The Wine Drinker’s Diet

January 13, 2024
2 mins read

By Nutrition at

Monday, June 16, 2014.

Knocking back a glass of wine each day has long
been linked to good health. That is, of course, as long as it’s one glass and
not the entire bottle.

Wine can help protect against
diseases of the heart and the brain, including coronary artery disease, stroke,
Alzheimer’s disease and other forms of dementia. Wine drinkers even have lower
rates of certain cancers compared to folks who don’t partake. In general, those
who drink wine live longer than those who drink beer or other kinds of booze.

Yet scientists have wondered:
Is wine really such a powerful tonic? Red wine contains antioxidants
that have powerful health-protecting properties, but the relationship may not
be simple cause and effect. Perhaps wine drinkers also take better care of
themselves; they may also eat more healthily and exercise more regularly than
beer drinkers or teetotallers.

In other words, perhaps wine
is a marker of a certain lifestyle?

What’s on your shopping list

A new study suggests the
benefits of wine are at least in part due to the smart dietary choices of wine
connoisseurs. Danish researchers analysed 3.5 million supermarket receipts and
found that wine drinkers (people who bought wine as their only form of alcohol)
tended to buy more fruits, vegetables, low-fat meats and cheeses than other

Beer drinkers, on the other
hand, filled their trolleys with ready-to-eat dishes, cold cuts, sausages,
sugary items and soft drinks.

These differing shopping lists
suggest that lifestyle choices may be more important than the type of alcohol a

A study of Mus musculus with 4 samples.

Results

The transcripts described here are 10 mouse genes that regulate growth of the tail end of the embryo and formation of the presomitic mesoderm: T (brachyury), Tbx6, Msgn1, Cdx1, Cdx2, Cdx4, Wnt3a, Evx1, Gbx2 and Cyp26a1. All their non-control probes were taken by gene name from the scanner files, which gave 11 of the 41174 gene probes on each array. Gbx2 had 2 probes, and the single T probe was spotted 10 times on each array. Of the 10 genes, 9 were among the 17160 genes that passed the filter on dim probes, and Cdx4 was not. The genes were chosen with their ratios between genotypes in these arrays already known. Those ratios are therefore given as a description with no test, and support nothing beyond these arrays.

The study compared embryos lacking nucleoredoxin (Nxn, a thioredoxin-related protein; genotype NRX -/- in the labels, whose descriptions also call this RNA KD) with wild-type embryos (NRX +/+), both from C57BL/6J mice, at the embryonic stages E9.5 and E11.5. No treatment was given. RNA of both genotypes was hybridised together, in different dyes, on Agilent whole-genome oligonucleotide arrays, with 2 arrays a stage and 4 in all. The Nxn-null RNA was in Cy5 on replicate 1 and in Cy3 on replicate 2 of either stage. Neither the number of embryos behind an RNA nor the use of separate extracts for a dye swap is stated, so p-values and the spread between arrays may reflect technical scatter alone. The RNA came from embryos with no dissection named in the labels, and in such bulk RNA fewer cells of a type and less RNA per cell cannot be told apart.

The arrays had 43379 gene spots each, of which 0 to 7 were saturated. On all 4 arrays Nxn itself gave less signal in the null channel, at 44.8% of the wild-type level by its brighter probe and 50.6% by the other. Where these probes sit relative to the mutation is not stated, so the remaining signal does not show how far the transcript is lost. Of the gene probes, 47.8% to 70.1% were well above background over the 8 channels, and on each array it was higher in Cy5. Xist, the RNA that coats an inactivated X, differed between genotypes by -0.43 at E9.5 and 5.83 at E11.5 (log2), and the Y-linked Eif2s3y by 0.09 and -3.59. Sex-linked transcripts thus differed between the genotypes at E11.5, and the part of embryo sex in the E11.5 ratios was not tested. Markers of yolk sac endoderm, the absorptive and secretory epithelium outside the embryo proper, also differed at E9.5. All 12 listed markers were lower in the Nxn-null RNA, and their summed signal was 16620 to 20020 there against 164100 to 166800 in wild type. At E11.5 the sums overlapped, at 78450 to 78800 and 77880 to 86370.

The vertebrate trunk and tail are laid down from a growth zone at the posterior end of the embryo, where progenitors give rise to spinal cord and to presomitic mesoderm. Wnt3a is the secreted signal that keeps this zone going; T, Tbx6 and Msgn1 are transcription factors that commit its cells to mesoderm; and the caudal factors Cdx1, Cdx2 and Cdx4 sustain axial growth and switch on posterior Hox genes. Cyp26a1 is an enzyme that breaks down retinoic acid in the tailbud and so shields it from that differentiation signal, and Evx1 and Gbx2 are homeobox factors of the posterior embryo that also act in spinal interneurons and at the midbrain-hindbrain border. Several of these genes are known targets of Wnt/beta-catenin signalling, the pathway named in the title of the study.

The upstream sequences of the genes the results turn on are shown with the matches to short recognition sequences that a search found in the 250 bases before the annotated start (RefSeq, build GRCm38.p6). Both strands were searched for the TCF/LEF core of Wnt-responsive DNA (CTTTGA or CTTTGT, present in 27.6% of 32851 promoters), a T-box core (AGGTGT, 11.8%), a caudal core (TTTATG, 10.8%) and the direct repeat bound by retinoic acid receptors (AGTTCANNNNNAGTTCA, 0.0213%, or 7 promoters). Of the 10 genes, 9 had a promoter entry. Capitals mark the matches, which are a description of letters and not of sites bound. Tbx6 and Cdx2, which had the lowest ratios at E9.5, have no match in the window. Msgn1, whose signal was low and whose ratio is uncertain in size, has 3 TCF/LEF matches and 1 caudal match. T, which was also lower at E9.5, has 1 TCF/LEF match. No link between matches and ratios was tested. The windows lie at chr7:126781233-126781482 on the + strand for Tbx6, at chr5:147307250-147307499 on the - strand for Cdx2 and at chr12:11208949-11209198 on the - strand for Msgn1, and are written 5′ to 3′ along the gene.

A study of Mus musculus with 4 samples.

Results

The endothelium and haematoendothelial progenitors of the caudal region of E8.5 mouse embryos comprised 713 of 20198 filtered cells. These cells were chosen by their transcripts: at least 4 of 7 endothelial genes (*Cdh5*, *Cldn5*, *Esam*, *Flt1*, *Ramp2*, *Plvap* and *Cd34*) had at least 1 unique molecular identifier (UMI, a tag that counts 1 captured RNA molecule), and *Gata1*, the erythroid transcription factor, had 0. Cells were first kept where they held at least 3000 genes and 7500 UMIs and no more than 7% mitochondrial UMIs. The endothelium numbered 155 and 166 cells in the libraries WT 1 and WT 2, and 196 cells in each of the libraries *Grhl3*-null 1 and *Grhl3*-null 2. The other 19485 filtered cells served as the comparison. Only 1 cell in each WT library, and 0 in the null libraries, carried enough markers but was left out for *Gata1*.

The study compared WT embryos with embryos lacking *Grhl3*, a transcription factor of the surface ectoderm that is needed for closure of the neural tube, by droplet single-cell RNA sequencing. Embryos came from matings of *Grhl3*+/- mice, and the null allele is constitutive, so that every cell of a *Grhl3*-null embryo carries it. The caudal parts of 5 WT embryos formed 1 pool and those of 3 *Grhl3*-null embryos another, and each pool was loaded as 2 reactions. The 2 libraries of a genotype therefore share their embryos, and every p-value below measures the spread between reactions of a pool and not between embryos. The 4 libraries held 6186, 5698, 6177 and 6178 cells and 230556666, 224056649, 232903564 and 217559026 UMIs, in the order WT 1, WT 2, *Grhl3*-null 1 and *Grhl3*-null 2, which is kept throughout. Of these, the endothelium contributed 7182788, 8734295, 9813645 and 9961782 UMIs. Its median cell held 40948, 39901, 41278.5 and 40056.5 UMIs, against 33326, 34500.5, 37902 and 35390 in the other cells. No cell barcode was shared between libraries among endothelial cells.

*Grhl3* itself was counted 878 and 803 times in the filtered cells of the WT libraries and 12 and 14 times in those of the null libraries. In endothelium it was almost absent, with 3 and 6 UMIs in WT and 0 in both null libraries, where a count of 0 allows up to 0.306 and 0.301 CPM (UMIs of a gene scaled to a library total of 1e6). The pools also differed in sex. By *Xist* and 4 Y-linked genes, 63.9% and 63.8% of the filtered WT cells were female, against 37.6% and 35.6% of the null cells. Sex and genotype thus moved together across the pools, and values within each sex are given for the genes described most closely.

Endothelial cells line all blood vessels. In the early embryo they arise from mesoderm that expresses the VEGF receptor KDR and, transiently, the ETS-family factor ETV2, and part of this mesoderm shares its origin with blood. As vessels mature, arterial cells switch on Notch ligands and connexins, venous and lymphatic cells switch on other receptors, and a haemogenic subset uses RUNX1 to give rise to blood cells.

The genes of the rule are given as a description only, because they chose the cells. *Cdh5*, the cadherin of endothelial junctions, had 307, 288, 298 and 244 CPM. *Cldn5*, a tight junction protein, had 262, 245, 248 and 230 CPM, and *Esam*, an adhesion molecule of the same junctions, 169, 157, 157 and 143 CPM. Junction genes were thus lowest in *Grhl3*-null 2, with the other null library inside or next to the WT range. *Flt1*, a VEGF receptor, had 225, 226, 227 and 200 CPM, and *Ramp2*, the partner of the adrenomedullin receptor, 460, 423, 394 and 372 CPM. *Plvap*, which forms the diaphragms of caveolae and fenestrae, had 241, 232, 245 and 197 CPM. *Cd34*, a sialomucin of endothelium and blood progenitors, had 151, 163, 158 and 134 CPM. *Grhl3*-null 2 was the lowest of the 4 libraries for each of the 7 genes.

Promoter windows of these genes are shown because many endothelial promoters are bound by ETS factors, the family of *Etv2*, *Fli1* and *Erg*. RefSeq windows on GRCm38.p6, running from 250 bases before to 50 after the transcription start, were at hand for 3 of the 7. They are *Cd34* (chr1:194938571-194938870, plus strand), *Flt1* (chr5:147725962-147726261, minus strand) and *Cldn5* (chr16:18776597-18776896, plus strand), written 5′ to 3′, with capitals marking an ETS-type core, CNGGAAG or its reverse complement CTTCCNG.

person drinks when it comes to determining mortality risk.

Other demographic patterns
emerged among the Danish wine drinkers that could also influence their lower
mortality rates. They tend to be more highly educated, wealthier and in better
physical shape than beer drinkers. Similar results have been found in a
Californian population, suggesting this isn’t just a quirk of the current

It seems that no matter where
they live, wine drinkers tend to subscribe to the so-called Mediterranean diet
– chock full of fresh food and healthy, unsaturated fats like olive oil and
fish, with a minimum of artery-clogging fat from meats and processed foods.

Food for thought

Scientists note that wine
usually accompanies a meal, which means that the alcohol may be better
tolerated by the body. In contrast, beer or other spirits tend to be enjoyed on
a fairly empty stomach, while watching the game on TV or sidled up to a bar.

Still, even with all the
evidence that wine may not be a cure-all, let’s not discount the power of a
glass of Chilean Shiraz. Scientists have identified some 6,000 antioxidants in
wine, especially wines made with grape skins, which turn the wines red in colour.
In general, foods that have dark pigments, such as blueberries, cherries,
spinach or kale, are also packed with cell-protecting chemicals.

These antioxidants do their
work by disarming rogue molecules known as free radicals, which damage cell
membranes and oxidise “bad” cholesterol, leading to hardened arteries.

A daily tipple of alcohol, any
alcohol, also thins the blood, which a recent study found prevents blood clots.

So go ahead, uncork that
bottle and have a glass (not the bottle). Bottoms up!